Three years before Governor Rendell signed Executive Order 2004-1, which created the Pennsylvania Invasive Species Council, the Department of Environmental Protection (DEP) recognized the devastating impacts of invasive plants in riparian areas.
In 2001, DEP awarded Natural Biodiversity, then termed the Invasive Species Control Program, a Growing Greener grant to inspect invasive plants within the Conemaugh River watershed and re-diversify riparian areas.
With matching funds from the Pennsylvania Foundation for Watersheds (known at the time as the Western Pennsylvania Watershed Program), partners joined forces to implement nine visible demonstration riparian forest buffer restoration projects, create a restoration handbook, and form Natural Biodiversity, the program that exists today.
With significant state funding in place, Natural Biodiversity was able to secure its first National Fish and Wildlife Foundation grant to form a cooperative effort in managing invasive plants within the 1,887 square-mile Kiski–Conemaugh River Basin.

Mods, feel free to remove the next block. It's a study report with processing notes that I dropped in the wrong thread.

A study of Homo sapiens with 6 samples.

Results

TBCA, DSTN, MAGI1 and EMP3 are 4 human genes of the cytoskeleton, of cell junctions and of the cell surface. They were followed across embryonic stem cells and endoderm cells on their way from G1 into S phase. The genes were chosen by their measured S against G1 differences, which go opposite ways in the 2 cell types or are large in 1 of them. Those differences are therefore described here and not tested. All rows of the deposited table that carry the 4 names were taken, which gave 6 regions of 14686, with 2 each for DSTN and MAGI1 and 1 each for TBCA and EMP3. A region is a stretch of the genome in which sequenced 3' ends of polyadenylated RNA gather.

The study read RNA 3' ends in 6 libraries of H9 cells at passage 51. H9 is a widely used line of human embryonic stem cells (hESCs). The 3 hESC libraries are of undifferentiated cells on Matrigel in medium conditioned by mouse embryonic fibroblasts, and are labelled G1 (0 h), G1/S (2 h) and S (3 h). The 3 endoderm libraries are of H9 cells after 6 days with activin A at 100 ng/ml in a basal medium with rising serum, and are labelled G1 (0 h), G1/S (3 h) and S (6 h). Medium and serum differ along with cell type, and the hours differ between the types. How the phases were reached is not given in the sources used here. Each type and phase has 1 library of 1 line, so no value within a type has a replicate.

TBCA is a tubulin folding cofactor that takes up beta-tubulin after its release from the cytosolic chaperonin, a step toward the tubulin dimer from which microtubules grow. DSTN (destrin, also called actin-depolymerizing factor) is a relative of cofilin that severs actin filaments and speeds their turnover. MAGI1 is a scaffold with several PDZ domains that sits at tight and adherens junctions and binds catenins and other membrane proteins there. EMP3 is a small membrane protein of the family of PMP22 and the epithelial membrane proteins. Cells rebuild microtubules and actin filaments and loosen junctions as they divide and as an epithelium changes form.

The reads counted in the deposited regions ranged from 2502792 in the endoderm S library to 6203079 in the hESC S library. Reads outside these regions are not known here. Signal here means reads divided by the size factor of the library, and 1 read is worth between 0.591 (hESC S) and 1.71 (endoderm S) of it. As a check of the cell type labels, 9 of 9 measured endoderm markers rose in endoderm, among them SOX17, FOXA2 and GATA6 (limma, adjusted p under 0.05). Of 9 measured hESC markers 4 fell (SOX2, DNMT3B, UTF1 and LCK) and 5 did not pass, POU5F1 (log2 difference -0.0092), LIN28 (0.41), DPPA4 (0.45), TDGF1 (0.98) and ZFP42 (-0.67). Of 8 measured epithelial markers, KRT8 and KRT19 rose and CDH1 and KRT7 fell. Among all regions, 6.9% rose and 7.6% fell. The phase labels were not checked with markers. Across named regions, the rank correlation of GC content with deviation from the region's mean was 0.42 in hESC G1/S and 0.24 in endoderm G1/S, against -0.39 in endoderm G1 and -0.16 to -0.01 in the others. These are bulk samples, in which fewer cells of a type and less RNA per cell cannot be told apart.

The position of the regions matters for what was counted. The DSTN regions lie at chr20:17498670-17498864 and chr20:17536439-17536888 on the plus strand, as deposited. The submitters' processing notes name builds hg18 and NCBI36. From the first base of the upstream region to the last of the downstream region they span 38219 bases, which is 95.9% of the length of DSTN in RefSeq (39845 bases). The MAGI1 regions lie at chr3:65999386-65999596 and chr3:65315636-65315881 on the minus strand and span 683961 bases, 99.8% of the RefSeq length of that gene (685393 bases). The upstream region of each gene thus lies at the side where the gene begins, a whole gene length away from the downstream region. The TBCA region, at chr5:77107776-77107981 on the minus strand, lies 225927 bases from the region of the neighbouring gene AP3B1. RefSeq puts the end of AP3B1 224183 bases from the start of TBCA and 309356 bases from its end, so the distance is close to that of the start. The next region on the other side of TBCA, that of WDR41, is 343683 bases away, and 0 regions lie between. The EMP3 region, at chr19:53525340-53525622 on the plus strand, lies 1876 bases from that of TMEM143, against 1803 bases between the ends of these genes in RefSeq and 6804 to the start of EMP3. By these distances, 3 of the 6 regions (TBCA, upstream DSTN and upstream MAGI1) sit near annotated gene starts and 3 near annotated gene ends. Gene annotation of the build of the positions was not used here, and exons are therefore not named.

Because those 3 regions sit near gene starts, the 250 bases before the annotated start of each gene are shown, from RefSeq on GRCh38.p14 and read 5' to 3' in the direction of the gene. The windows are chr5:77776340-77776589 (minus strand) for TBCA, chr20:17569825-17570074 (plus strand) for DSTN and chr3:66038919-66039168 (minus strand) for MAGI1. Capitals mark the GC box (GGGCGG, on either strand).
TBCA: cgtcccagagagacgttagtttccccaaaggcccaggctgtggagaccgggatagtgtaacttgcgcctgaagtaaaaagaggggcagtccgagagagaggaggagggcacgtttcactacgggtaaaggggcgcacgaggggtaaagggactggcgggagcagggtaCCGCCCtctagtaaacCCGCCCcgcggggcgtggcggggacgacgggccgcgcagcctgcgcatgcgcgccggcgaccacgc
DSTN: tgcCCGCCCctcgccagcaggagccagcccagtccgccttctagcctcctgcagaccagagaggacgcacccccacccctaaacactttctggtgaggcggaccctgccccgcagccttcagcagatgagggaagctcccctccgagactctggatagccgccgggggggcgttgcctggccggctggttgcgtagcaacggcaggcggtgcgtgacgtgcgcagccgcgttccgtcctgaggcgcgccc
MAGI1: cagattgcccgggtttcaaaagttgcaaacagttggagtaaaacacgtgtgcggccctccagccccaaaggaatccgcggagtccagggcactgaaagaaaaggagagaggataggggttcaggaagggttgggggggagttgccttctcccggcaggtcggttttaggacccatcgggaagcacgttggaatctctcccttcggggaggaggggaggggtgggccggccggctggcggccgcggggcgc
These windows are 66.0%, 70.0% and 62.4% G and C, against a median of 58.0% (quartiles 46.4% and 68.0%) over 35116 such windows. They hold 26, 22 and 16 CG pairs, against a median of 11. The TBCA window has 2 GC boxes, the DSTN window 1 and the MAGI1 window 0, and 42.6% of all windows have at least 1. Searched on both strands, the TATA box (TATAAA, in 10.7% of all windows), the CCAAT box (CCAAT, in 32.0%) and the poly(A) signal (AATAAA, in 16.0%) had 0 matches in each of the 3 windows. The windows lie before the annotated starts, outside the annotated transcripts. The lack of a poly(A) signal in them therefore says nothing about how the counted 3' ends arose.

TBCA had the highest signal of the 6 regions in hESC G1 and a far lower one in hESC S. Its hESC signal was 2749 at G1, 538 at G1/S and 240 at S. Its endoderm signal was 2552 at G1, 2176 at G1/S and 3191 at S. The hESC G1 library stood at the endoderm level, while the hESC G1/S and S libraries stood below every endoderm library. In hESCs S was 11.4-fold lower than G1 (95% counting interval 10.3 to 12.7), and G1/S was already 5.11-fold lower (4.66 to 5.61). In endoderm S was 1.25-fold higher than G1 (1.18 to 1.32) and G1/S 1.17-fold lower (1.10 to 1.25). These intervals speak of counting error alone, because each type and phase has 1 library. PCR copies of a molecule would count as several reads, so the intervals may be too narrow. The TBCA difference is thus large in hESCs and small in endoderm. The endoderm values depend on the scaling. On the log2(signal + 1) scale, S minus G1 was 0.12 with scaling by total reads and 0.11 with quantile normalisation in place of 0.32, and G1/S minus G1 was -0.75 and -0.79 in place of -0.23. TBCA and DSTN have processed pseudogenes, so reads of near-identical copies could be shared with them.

The most important event aided directly by the Growing Greener grant was the demonstration site open house that occurred in July 2002, involving about 25 attendees, most of whom became Natural Biodiversity steering committee members, volunteers, and ambassadors.
With this grant, Natural Biodiversity focused on the floral composition of riparian areas by examining the impacts of invasive plants, specifically Japanese knotweed. It also demonstrated how restoration is possible in the face of entrenched invasive plant problems. One of the most important outcomes of the project was the realization that early detection and rapid response to invasive species is key to protecting landscapes, ecosystems, people, and economies from the impacts of invasive species. With the 2001 Growing Greener grant, Natural Biodiversity was created and launched a three-pronged approach which still exists today: assessment, conservation and engagement.
Natural Biodiversity has since implemented an aerial hyperspectral invasive plant survey, developed an innovative invasive-plant predictive model, and engaged over 1,000 citizens in land-restoration service. Program staff have participated in many exciting projects, from a DCNR Wild Resource Conservation Program-supported invasive species curriculum for Pennsylvania educators to the NFWF-funded Juniata Cooperative Weed Management Area. Natural Biodiversity prioritizes invasive plants based on their ecological impacts and is developing landscape-scale early detection and rapid response.